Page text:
Memory & Storage

Bigger, Faster, Stronger: Samsung’s Solid State Drive Line Expands

Data centers are anxious to adopt solid state drives (SSDs) for their higher performance and lower operating costs than traditional hard disk drives (HDDs), but capital cost and endurance concerns have held many organizations back. In write-heavy applications, the endurance of consumer-class drives has limited their usefulness, while specialized write-optimized drives can be expensive.

Samsung has released several new SSDs intended to remedy these problems for the data center, including the 860 DCT series the, 883 DCT series, the 983 DCT series and the 983 ZET series. The 883 DCT drives are 2.5-in. 7mm SATA SSDs. The 983 DCT series are U.2 2.5-in. 7mm or M.2 22mm × 110mm SSDs. The 983 ZET SSDs are PCIe 3.0 4x NVMe 1.2b HHHL add-in cards that use high-performance, non-volatile memory.

These new lines aim to reduce the pain for engineers trying to create new storage in their application servers and storage servers in the data center.

Storage Designed With the Data Center in Mind

These new SSDs are all engineered specifically for the data center with high capacities, high endurance and low power requirements. These drives are also more available in the marketplace, being engineered for enterprise data centers while also accessible enough for the growth-minded small or midsize business. Designed to endure 24/7 applications, these data center drives provide a better total cost of ownership (TCO) over traditional SSDs as well.


All the new data center SSDs can be managed with the Samsung SSD toolkit, which includes firmware updates, data erasure, overprovisioning setup and disk status. The toolkit can apply firmware updates to multiple drives in the same or different systems, rather than requiring that each drive be updated manually and individually. It can also collect statistics on groups of drives, ensuring that the administrator is notified if a drive or drives are starting to have problems, before it becomes a critical issue.

Samsung 883 DCT Series

The Samsung 883 DCT is a 2.5-in. 7mm data center SATA SSD optimized for read-intensive applications, high IOPS consistency, and with sequential reads up to 560MB/s, sequential writes up to 520 MB/s. Capacities range from240GB to 3.84TB and latency of up to 0.035 ms with 99.99 percent quality of service (QoS) and up to 28,000 IOps.

Samsung 983 DCT Series

The 983 DCT series are NVMe 1.2b, PCIe 3.0 x4 SSDs with sequential reads speeds of up to 3,000MB/s and sequential writes up to 1,900MB/s. They include 960GB and 1.92TB capacities, and support up to 540,000 IOps on reads and up to 50,000 IOps on writes, with a latency of 0.015 ms with 99.99 percent QoS.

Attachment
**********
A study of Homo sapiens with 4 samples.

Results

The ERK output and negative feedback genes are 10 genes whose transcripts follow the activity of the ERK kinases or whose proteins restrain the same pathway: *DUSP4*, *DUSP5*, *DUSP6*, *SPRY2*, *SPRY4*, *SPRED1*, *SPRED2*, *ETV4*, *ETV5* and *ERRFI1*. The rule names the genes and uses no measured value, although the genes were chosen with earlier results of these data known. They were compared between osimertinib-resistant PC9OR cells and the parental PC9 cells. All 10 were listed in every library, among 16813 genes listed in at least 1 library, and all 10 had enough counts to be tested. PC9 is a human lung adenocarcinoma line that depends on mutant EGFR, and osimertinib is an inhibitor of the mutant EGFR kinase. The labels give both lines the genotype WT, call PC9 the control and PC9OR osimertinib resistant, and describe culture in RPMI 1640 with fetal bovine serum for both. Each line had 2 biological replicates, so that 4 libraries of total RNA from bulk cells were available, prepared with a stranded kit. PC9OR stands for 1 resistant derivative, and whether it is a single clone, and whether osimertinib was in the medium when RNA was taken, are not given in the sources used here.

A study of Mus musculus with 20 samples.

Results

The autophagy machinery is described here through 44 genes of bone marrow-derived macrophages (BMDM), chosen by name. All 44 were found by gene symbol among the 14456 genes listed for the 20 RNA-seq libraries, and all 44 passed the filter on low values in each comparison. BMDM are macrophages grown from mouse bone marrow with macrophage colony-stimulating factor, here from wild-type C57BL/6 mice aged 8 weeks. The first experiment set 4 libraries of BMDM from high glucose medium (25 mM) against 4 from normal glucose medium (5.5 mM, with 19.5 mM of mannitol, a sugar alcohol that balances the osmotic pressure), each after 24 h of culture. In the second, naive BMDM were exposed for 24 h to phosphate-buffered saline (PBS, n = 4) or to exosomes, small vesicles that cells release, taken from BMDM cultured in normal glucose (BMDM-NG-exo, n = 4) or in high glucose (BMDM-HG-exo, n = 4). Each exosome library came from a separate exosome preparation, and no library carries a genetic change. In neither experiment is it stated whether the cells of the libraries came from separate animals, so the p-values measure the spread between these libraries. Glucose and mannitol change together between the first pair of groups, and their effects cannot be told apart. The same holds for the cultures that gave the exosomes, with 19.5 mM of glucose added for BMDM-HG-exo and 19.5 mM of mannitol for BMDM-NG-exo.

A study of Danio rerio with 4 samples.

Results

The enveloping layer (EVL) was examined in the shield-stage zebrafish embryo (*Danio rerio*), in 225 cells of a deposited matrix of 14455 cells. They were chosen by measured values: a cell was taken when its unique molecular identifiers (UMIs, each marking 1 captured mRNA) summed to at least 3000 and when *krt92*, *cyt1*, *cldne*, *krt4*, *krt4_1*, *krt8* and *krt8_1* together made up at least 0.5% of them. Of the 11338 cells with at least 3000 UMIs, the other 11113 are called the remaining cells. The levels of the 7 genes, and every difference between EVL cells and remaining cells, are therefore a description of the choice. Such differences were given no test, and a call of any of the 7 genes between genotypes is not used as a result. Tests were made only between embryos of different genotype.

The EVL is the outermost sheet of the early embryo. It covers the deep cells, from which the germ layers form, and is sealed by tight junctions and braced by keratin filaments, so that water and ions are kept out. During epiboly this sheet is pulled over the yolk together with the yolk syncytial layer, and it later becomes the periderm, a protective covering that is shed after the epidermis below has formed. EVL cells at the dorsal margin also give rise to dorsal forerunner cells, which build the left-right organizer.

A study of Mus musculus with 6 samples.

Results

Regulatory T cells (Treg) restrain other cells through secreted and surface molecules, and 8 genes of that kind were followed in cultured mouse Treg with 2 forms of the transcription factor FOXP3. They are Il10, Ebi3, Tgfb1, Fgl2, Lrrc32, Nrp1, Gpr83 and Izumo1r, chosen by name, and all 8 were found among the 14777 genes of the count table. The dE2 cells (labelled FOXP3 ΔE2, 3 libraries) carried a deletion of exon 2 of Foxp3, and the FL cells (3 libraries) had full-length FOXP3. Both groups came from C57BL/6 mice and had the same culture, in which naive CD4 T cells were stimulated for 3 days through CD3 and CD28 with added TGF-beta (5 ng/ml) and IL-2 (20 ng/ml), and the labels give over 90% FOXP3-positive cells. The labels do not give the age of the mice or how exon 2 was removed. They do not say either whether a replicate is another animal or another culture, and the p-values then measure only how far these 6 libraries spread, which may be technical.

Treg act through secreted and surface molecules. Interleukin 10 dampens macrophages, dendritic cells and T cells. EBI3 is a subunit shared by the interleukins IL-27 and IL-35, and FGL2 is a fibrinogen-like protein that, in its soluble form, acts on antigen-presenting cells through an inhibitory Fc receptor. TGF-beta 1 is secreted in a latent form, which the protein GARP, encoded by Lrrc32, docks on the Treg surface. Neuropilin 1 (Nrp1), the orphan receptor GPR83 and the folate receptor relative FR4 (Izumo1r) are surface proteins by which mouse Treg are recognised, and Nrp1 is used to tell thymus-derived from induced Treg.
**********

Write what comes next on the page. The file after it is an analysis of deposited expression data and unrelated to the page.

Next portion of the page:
Samsung 983 ZET Series of Ultra-Low-Latency SSDs

The 983 ZET series of SSDs are add-in cards that use a PCIe 3.0 slot and NVMe 1.2 interface to reach read speeds of 3,400MB/s and write speeds of 3,000MB/s. Their capacities are 480GB and 960GB, with write endurance of 8.5 drive writes per day (DWPD) for the 480GB model, and 10 DWPD for the 960GB model.

The 983 ZET is especially noteworthy for its extremely low latency — up to 0.03 milliseconds at 99.99 percent QoS for both reads and writes. It also supports up to 750,000 random read IOps.

Samsung 860 DCT Series

The 860 DCT is an advanced 2.5-in. SSD designed to meet and exceed the unique requirements of read-intensive, data-streaming data centers such as content delivery networks (CDNs). The 860 DCT works effortlessly as HDD replacement in entry-level servers. Specifically engineered for long-lasting performance, these drives include V-NAND technology, best-in-class terabytes written (TBW) levels, and a reinforced controller. They achieve higher efficiency and performance compared to legacy storage systems, with fewer servers, reduced power and cooling, and lower total cost of ownership (TCO). Maintenance is more efficient, too, with the provided Samsung Magician software.


From handling the looming challenges of artificial intelligence (AI), supercomputing and Internet of Things (IoT), to gaining higher performance and capacity in managing Big Data, to a more budget-friendly, cost-based approach — upgrading to SSDs should start with solutions that can not only address a diverse collection of needs for competitive enterprises, but are also accessible enough for the growth-minded small to medium-size business.

Need a closer look? Download this guide to improving your storage planning and evaluation processes.


Logan Harbaugh is an IT consultant and reviewer. He has worked in IT for over 20 years, and was a senior contributing editor with InfoWorld Labs as well as a senior technology editor at Information Week Labs. He has written reviews of enterprise IT products including storage, network switches, operating systems, and more for many publications and websites, including Storage Magazine,, StateTech, Information Week, PC Magazine and He is the author of two books on network troubleshooting.